LOS ANGELESEating a high-fat, high-calorie diet may lead to the development of pancreatic cancer, according to researchers at UCLA's Jonsson Comprehensive Cancer Center (JCCC).
Two sets of genetically engineered model mice that had the same genetic mutation found in human pancreatic cancer patients were examined during the study. It made the study more feasible due to the changes in mouse metabolism caused by obesity and that one of humans.
A set of mice consumed a normal diet gaining approximately 7.2 grams of weight plus or minus approximately 2.8 grams over a 14-month period. Those that ate a high-fat, high-calorie diet gained on average 15.9 grams, plus or minus 3.2 grams. The mice fed a normal diet had mostly normal pancreases with few scattered pancreatic intraepithelial neoplasias (PanIN) lesions, but those who at the high-fat, high-calorie diet had significantly more PanIN lesions and fewer overall healthy pancreases.
The study showed that the high-fat, high-calorie diet cause a significant increase in weight, metabolism abnormalities and increased insulin levels. In addition, pancreatic tissue inflammation was present and development of PanIn lesions. PanIn lesions are known to be precursors to pancreas cancer.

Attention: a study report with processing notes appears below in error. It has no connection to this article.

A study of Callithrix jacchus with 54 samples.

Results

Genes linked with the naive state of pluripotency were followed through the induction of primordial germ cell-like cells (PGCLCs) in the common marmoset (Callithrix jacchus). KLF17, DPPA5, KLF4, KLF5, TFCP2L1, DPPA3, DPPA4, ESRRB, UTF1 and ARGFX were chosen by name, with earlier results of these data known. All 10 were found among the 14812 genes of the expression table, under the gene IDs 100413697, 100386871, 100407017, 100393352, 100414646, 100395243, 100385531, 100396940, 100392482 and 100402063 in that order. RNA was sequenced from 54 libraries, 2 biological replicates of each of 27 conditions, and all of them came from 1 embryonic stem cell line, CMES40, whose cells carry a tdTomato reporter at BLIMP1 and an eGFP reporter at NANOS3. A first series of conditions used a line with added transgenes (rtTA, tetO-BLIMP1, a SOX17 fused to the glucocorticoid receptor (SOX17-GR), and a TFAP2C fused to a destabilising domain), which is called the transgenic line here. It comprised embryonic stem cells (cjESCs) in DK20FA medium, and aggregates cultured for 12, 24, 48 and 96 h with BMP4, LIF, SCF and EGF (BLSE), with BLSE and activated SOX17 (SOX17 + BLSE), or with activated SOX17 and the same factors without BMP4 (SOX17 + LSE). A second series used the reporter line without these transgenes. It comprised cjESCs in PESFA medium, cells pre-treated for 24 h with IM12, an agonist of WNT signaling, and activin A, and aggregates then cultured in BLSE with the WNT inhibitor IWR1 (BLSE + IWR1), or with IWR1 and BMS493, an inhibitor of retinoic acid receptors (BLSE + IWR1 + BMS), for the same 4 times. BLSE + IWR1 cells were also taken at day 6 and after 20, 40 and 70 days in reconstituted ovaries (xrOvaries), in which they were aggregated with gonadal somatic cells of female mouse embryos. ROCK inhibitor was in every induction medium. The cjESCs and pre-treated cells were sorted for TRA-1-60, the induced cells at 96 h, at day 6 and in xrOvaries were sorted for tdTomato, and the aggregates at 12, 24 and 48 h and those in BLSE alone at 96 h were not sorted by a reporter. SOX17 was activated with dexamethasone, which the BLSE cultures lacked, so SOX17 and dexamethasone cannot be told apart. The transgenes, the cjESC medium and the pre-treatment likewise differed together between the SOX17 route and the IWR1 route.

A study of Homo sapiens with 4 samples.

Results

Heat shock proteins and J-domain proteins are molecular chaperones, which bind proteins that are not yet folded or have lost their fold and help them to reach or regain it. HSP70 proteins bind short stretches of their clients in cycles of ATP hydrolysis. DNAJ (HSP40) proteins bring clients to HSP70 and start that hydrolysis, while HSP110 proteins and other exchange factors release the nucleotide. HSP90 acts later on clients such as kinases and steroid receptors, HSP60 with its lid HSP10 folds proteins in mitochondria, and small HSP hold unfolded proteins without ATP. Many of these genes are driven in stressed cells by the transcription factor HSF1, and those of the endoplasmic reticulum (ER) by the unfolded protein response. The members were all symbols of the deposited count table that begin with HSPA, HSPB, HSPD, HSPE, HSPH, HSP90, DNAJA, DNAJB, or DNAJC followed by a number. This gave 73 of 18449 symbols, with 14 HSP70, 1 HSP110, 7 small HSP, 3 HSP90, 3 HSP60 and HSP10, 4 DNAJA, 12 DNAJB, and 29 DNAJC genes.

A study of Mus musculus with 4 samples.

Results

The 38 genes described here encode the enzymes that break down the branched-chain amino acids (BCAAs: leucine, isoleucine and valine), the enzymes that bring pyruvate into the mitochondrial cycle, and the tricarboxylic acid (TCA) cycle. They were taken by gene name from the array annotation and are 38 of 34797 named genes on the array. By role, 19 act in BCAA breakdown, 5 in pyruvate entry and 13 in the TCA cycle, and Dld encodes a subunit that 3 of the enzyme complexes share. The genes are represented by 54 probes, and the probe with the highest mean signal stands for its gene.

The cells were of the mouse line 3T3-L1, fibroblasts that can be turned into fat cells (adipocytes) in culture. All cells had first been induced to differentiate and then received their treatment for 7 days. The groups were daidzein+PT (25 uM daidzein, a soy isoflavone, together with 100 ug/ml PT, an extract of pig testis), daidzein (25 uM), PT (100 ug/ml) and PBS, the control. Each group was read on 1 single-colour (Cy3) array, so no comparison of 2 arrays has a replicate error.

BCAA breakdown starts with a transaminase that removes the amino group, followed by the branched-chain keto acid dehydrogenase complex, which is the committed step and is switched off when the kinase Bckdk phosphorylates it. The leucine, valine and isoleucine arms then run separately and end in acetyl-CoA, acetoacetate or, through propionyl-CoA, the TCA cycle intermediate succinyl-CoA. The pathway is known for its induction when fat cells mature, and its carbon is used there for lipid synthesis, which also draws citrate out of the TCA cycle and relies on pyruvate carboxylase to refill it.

"The development of these lesions in mice is very similar to what happens in humans," Dr. Guido. Eibl, lead author of the study said. These lesions take a long time to develop into cancer, so there is enough time for cancer preventive strategies, such as changing to a lower fat, lower calorie diet, to have a positive effect."
A previous study demonstrated that a diet high in dietary fats from red meat and dairy products was associated with an increased risk of pancreatic cancer, but consuming non-starchy vegetables has been shown to have a probable decreased risk in pancreatic cancers.